Greg Tate is a brilliant writer when he wants to be. Unfortunately, he slacks off too much and too often relies on dialect comedy to paper over the holes in his arguments. This piece, though, is the shit. Go read it.
I've been listening to David S. Ware's new triple-CD live record, Live In The World, a lot lately. It comes out in February on Thirsty Ear and if you don't buy one, you're a damn fool who's got no excuse calling yourself a jazz fan. Ware is a total saxophonist - he's got Archie Shepp's gruff bellow, Sonny Rollins's mastery of melody and harmony, Pharoah Sanders's scream, and Joe Henderson's sharp edge. And he combines all these things with his own sense of how to construct seriously extended solos without ever sounding self-indulgent or out of ideas. Plus, his band - Matthew Shipp on piano, William Parker on bass, Guillermo Brown on drums - kicks more ass than any jazz group around right now.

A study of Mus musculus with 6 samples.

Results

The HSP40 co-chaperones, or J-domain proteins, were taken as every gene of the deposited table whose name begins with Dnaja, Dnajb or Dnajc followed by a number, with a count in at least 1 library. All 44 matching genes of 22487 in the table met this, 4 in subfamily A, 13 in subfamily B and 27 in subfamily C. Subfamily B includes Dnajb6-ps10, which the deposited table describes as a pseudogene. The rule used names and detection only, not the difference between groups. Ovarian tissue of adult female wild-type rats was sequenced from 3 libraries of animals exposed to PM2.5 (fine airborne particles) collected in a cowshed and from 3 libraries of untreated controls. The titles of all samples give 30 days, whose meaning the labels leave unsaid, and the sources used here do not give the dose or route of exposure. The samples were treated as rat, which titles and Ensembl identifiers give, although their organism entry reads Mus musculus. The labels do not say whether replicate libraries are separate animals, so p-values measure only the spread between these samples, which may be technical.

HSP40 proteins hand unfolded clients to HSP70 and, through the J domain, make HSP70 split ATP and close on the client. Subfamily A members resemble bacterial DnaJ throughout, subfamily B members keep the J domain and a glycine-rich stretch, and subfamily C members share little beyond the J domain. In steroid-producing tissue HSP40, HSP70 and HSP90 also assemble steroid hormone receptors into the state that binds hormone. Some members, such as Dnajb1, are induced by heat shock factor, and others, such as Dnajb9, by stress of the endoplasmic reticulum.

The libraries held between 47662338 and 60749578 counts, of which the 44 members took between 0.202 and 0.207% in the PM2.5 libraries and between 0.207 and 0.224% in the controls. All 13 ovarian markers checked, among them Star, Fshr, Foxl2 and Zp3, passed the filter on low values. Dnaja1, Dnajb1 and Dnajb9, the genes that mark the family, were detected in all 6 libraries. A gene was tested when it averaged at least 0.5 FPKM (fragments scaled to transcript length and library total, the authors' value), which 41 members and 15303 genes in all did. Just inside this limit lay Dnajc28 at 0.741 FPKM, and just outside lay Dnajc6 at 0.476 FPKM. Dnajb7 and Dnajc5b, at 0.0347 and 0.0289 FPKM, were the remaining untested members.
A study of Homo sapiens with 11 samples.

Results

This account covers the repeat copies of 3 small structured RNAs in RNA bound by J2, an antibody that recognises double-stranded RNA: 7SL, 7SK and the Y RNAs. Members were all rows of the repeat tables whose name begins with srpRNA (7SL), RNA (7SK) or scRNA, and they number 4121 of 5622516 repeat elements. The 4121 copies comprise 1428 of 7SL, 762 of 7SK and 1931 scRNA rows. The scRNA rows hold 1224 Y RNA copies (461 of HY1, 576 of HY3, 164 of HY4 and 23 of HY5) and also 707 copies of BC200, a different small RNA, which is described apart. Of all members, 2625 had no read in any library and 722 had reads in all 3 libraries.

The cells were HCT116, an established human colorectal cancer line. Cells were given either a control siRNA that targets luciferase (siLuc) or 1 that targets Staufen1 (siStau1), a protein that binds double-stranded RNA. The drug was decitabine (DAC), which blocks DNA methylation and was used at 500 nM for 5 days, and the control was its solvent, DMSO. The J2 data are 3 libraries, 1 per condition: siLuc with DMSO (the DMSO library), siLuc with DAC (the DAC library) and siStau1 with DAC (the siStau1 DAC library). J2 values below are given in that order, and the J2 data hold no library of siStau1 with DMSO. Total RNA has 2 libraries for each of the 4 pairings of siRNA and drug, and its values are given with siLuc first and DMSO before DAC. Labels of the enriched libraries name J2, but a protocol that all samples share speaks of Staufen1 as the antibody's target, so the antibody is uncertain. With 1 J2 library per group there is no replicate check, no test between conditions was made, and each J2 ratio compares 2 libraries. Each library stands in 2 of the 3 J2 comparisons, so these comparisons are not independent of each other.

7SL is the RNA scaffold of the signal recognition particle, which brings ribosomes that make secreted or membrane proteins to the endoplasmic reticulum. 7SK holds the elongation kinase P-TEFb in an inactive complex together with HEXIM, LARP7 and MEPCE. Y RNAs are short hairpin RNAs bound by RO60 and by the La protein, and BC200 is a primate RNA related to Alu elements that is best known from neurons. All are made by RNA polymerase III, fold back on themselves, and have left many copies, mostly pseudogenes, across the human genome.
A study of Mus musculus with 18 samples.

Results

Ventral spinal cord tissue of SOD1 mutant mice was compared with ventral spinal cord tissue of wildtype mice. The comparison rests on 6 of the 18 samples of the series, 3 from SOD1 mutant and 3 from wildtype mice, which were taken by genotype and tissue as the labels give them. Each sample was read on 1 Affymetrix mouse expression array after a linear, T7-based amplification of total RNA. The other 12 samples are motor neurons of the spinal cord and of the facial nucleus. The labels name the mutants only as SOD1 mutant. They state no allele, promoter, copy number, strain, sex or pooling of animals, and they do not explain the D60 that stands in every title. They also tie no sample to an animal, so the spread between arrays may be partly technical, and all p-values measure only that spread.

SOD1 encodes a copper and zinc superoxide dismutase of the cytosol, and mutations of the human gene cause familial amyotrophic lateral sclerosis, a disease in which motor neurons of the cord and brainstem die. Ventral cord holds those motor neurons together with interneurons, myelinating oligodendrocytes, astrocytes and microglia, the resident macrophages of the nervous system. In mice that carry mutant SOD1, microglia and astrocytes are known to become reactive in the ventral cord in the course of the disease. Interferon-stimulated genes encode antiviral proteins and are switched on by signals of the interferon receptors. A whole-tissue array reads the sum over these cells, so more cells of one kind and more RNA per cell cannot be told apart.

(Interesting side note: if you're already into Ware, check out "El Barrio" from Joe Henderson's Inner Urge album and see if it doesn't sound like a hidden/unacknowledged inspiration to you. It does to me.)
Live In The World features three complete performances from the Ware quartet, each featuring a different drummer - Susie Ibarra on Disc 1, Hamid Drake on Disc 2, Guillermo Brown on Disc 3. Each has revelatory moments, though Disc 2 is my current favorite because it's a one-off (Drake was subbing for Brown) and because the repertoire goes way back to his earliest albums.
The new High On Fire album, Blessed Black Wings, is also amazingly great. Here's hoping the rest of 2005 provides as many glories as I'm gathering in the first week of January.
I'm almost done with my next book. I'm finalizing the first draft of the manuscript this week and next, and will be sending it out into the world by month's end. So this site may be light on fresh content for the immediate future, but I've got a good reason. Hee-yah.